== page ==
Become familiar with electronics, which is a key part of the technician's job. There are numerous books and Web sites on electronics and electronic theory, geared to various levels of expertise. Check with your high school or local public library to see what you can find on this topic. In addition, many hobby shops or specialty science stores have electronics kits and experiments that provide hands-on experience with how electronic circuits work.
To find out more about wireless communications specifically, you might again check for books or magazine articles on the subject through an online search as well as in local libraries. You might also contact a wireless provider in your area and ask to talk with a cell technician about their job.
Wireless service technicians are sometimes also called cell site technicians, field technicians, or cell site engineers. These workers maintain cell sites—which consist of a radio tower and computerized equipment. Each cell site covers a geographic territory that varies in size. When someone places a wireless call within a particular cell site's geographic territory, radio waves are transmitted to that cell site's antenna. The antenna picks up the radio waves and transmits them through cables to computerized equipment that is typically located in a building adjacent to the antenna. This equipment then reads the radio waves, turns them into a computerized code, and sends the information on to a switching center. The call is then transferred to its destination—which might be another wireless phone or a traditional wireline phone.
The equipment at each cell site—the antenna and computerized equipment—are important pieces of the wireless telecommunications network. If a cell site stops functioning for some reason, wireless users within that site's coverage area may not be able to use their mobile phones. Many people rely on these devices to receive or transmit important or emergency information, so a lapse in coverage can be serious. Wireless service technicians are responsible for maintaining and troubleshooting the equipment and operations of the cell sites. The data transmission equipment may be a separate, peripheral part of the cell site equipment, and the technician is responsible for maintaining it as well.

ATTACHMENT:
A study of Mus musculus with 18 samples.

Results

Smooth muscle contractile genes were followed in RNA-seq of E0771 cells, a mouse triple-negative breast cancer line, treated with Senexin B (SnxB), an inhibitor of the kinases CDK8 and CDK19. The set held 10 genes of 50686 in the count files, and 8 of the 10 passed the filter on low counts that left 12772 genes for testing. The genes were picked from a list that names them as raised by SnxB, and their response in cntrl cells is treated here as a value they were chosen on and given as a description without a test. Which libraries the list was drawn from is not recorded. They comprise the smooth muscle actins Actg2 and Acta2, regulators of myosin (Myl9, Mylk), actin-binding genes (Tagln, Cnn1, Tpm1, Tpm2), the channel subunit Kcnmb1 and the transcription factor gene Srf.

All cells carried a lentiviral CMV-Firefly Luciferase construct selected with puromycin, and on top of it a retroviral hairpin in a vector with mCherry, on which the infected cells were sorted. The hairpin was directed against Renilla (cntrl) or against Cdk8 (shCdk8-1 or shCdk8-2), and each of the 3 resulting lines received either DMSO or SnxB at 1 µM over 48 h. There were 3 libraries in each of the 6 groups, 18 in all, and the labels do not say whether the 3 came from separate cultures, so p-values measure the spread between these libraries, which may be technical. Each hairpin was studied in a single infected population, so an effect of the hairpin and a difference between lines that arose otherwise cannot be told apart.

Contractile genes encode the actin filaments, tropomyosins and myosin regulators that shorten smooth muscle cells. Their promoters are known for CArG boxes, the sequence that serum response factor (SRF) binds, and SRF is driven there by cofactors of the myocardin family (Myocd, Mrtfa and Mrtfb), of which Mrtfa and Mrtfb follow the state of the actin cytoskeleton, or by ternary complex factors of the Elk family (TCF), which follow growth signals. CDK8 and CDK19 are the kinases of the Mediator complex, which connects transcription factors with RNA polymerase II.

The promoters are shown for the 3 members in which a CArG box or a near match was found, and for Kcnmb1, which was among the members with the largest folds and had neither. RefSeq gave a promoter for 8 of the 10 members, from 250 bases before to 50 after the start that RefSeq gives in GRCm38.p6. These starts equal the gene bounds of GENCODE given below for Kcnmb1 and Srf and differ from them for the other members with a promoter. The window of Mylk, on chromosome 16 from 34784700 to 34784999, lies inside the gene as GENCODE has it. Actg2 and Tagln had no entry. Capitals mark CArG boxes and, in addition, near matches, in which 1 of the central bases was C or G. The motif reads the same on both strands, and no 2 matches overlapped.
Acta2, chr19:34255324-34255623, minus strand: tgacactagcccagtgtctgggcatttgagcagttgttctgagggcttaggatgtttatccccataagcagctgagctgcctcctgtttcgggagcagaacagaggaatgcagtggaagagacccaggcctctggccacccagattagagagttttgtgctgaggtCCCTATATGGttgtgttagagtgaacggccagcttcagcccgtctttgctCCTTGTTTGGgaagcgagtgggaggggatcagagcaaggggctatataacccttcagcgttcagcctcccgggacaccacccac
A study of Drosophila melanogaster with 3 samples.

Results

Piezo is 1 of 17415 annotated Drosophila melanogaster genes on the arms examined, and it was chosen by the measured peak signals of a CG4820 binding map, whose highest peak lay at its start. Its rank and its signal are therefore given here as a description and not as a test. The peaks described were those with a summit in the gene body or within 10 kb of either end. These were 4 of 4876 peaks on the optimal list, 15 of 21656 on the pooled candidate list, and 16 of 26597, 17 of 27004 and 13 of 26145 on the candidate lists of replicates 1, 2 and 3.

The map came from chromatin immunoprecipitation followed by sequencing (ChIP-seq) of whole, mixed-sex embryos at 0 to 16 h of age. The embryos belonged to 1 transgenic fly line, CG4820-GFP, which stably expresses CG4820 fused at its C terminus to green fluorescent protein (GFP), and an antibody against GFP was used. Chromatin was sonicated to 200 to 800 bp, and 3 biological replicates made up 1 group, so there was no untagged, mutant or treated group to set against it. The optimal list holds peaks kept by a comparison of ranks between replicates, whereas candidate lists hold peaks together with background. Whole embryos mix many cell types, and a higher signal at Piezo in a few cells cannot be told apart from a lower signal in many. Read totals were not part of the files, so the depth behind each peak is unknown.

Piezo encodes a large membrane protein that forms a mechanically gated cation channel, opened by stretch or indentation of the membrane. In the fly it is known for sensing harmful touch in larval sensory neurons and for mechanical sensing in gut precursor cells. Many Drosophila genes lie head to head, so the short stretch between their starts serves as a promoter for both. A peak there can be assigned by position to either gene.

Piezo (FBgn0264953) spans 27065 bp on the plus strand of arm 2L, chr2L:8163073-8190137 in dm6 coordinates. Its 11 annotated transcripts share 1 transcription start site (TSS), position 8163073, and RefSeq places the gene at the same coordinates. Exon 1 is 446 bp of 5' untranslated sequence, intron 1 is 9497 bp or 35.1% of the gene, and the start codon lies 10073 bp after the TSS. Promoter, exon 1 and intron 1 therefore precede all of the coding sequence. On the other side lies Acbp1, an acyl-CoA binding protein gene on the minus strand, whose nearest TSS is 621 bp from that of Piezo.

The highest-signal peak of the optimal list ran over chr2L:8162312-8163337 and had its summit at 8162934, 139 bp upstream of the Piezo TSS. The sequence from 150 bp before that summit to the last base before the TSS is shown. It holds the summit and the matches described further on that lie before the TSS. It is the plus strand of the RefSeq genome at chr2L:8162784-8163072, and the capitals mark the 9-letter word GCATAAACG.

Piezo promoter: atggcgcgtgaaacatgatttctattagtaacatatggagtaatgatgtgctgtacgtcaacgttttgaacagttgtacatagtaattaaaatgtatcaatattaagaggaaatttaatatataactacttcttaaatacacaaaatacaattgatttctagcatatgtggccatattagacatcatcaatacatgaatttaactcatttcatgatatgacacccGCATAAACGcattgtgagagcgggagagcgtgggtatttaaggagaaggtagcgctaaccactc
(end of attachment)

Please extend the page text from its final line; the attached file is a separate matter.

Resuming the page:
Wireless service technicians typically perform both routine, preventive maintenance and troubleshooting of equipment that has malfunctioned. Routine maintenance might include scheduled visits to each cell site to check power levels and computer functions. Technicians often carry laptop computers, which contain sophisticated testing software. They connect their laptop computers to the cell site equipment to test equipment and ensure it is functioning correctly. Wireless carriers may also have backup equipment, such as generators and batteries, at their cell sites to ensure that even if the primary system fails, wireless coverage is still maintained. Technicians may periodically check this backup equipment to make sure it is functional and ready to be used in case of emergency.
In addition to maintaining the actual cell site computer equipment, wireless service technicians may be responsible for routine and preventive maintenance of the radio tower itself and the building and grounds of the site. Technicians do not perform the actual physical maintenance on the tower and grounds themselves. Rather, they contract with other service providers to do so and are then responsible for ensuring that the work meets appropriate standards and is done when needed.
The frequency of the scheduled visits to individual cell sites depends on the technician's employer and the number of sites the technician is responsible for. For example, a technician who is responsible for 10 to 15 sites might be required to visit each site monthly to perform routine, preventive maintenance. These sites may be close together—perhaps within blocks of each other. In less populated areas the sites may be more than 20 miles apart.
When cell site equipment malfunctions, wireless service technicians are responsible for identifying the problem and making sure that it is repaired. Technicians run diagnostic tests on the equipment to determine where the malfunction is. If the problem is one that can be easily solved—for example, by replacing a piece of equipment—the technician handles it. If it is something more serious, such as a problem with the antenna or with the local wireline telecommunications system, the technician calls the appropriate service people to remedy the situation.
In addition to routine maintenance and troubleshooting responsibilities, wireless service technicians may have a range of other duties. They may test the wireless system by driving around the coverage area while using a mobile phone. They may work with technicians in the switching center to incorporate new cell sites into the network and make sure that the wireless calls are smoothly transmitted from one cell to another.